ECT for depression
Aug 26, 2004
I have been diagnosed Poz for four years and have had depression and fatigue for all of this time My Doc has prescribed many antidepressant medications and the upshot is none of them work. I asked him about Electro Convulsive Therapy and although the thought scares me I am interested in finding out more about it. Ihave researched it online and feelmore comfortable now knowing that the procedcure is performed under general anaesthetic. My Doc says it is unlikely a patient would qualify for ECT unless they were catatonic (I'm not). He did, however say he would talk further with me about it at our next meeting. What are your thoughts on opting for ECT when all else has failed. I have been tested regularly for all other causes for fatigue as related to HIV infection and nothing has surfaced as being the primary cause. My Doc and Psychiatrist are competely sure I am suffering from chronic depression. Thanks. I look forward to your reply
Depressed in San Francisco
Response from Dr. Horwath
I would advise that you first get a consult from an expert in the pharmacologic treatment of depression. You may have tried a number of treatments, but some very effective options may have been overlooked. For example, MAO inhibitors are extremely effective antidepressants, but are underused in this country because of the potential side effects, which can be avoided with appropriate dietary precautions.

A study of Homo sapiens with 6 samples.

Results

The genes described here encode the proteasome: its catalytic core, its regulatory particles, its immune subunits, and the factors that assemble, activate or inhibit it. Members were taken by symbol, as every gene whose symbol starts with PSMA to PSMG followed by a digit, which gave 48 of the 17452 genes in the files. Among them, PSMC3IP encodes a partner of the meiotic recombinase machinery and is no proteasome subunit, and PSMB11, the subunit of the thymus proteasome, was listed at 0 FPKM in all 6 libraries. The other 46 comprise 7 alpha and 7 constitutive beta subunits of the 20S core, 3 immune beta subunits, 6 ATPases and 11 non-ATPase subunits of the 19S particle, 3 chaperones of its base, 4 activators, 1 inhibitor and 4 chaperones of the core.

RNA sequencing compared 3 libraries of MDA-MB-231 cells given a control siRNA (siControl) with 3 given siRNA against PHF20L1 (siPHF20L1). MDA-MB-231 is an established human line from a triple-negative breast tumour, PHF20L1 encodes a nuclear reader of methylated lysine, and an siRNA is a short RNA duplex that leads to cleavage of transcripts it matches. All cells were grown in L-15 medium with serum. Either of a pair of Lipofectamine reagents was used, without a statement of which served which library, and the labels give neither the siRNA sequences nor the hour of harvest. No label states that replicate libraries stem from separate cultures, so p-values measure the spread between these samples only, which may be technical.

ECT (electro-convulsive therapy) is extremely effective, and with the modern techniques (general anesthesia, muscle relaxants, unilateral and low dose ECT) it is much safer and associated with fewer adverse effects. The main shortcoming it has for chronic depression is that, although it is quite effective, the response is short term. It needs to be followed up with maintenance medication, so you would need to work with an expert to find an effective antidepressant maintenance regimen.
Since you are in San Francisco, you may also want to look into some new treatments that are now available, such as Transcranial Magnetic Stimulation (TMS) and Vagal Nerve Stimulation (VNS). Both of these techniques are being actively developed. You may be able to join a clinical trial at a local medical school (UCSF or Stanford). VNS is particularly suited to the treatment of chronic depression. Good luck.